As PJ Fleck and Les Miles reports fly, Minnesota waits

It’s a waiting game for the next Gophers football coach on the University of Minnesota campus. We can say with 100 percent certainty athletic director Mark Coyle and his top assistant have not been into their offices Thursday, presumably out meeting with prospective coaches to replace Tracy Claeys.

One name seems to top the list: Western Michigan’s PJ Fleck. The 36-year-old hot coaching commodity met with officials from the University of Minnesota in Chicago on Wednesday.

Reports have suggested that Coyle and university president Eric Kaler were part of those discussions. Less clear is whether Minnesota presented a formal contract offer.

Coyle said shortly after firing Claeys on Tuesday that he would move quickly to find the Gophers’ next head coach. But he did caution that no matter how fast the process unfolded, it would feel like an eternity.

One other name to keep an eye on is former LSU head coach Les Miles. Reports surfaced late Thursday that he has actually flown into the Twin Cities to meet with Minnesota administrators -- something Fox 9 has not independently confirmed.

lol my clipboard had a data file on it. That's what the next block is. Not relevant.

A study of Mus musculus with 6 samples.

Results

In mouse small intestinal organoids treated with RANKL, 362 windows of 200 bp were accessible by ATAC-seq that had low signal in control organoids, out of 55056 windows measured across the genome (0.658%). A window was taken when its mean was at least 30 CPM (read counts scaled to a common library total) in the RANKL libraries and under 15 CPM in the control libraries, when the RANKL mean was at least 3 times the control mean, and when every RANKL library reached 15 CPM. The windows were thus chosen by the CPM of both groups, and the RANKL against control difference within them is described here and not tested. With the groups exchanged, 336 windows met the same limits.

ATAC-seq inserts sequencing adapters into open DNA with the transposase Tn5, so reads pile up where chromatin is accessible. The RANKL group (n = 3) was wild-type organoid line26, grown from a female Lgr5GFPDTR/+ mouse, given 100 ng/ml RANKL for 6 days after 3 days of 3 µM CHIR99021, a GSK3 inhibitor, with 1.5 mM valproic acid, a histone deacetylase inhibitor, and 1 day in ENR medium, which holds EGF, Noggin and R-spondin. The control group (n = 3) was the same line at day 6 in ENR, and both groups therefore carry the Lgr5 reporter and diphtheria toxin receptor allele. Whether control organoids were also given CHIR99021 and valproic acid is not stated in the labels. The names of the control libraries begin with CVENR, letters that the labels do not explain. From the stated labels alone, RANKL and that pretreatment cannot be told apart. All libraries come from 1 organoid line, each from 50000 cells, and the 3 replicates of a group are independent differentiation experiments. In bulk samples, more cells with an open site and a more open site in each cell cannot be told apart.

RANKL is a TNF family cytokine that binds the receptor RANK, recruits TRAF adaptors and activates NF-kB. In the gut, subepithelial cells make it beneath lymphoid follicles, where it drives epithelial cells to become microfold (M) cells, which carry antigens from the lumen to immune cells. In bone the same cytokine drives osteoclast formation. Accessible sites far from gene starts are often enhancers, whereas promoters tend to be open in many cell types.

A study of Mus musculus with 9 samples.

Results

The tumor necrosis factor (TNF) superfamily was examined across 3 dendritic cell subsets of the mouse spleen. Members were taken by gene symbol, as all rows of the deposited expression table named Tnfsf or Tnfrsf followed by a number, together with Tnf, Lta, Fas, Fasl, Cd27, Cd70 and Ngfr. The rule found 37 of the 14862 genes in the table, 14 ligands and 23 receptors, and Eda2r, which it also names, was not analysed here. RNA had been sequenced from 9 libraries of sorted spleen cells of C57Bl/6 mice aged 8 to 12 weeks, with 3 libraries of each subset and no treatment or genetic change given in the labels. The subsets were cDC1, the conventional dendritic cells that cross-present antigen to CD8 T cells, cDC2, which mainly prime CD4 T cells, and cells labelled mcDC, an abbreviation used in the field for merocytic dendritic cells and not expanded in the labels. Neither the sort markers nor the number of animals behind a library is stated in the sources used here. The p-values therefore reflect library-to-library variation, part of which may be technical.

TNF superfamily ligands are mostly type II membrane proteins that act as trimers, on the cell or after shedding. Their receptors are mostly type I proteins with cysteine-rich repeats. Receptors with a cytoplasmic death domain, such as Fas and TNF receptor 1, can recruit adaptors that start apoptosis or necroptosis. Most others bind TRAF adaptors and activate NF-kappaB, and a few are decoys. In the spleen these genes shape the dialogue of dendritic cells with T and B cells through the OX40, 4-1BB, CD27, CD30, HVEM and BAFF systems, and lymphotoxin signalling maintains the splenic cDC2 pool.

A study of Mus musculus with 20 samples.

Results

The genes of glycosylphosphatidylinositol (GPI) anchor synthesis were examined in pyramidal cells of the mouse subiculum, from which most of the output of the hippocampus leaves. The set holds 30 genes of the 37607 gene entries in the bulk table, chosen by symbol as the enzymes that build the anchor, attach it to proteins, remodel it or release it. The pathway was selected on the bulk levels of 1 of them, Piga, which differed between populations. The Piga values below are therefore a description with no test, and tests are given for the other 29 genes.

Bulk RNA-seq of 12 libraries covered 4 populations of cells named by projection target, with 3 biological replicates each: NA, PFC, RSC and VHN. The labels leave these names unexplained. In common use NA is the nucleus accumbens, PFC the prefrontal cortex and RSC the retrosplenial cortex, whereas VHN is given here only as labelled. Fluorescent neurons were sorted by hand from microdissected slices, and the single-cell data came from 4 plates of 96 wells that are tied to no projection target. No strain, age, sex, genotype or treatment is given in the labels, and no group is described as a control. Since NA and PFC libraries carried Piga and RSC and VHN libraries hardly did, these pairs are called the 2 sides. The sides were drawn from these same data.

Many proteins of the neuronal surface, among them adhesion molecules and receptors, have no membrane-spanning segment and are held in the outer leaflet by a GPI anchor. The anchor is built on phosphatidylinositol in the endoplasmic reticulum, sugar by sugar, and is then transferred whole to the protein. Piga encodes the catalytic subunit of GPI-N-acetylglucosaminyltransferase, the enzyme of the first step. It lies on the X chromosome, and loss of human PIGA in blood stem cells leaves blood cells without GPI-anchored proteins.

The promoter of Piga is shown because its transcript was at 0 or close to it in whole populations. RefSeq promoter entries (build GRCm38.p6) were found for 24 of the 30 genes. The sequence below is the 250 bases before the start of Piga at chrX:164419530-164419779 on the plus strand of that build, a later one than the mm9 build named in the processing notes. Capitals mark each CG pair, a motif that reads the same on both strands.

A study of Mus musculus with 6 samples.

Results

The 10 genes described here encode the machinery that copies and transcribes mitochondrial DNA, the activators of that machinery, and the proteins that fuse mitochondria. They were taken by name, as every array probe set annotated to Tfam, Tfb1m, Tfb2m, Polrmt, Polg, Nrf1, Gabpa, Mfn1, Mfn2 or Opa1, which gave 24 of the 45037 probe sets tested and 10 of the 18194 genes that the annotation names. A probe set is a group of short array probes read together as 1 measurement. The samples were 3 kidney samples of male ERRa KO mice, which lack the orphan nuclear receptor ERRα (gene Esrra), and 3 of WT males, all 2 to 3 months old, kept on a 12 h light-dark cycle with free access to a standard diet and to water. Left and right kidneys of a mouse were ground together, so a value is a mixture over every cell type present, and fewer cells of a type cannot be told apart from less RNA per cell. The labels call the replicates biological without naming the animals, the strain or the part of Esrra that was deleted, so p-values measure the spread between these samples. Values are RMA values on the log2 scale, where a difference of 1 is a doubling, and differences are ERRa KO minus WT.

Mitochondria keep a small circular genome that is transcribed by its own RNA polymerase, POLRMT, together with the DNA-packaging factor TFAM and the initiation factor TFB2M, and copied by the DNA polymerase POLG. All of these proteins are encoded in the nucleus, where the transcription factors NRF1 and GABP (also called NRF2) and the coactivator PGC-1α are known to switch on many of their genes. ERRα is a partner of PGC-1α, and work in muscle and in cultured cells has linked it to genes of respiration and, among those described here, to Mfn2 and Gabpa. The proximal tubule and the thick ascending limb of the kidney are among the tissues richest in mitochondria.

Job opening officially posted

The University of Minnesota officially posted the Football Head Coach job on its website Thursday. They school also posted the jobs for Football Assistant Coaches – All Positions.

The decision to fire Claeys

Claeys was fired on Tuesday, Jan. 3. The coach had been on a very hot seat for the last month after voicing support for his team during a 2-day boycott. That boycott was in response to the indefinite suspensions of 10 members of the football team connected to an alleged early season sexual assault.

Claeys had said earlier that his support for his student-athletes might cost him his job. In the end, apparently it did, as pressure grew from women’s rights groups and other victim advocates outraged by Claeys’ public stance.

Coyle said the decision to fire Claeys did not come from one specific incident, such as the coach's tweet in support of the team's boycott, but rather it was part of an overall evaluation.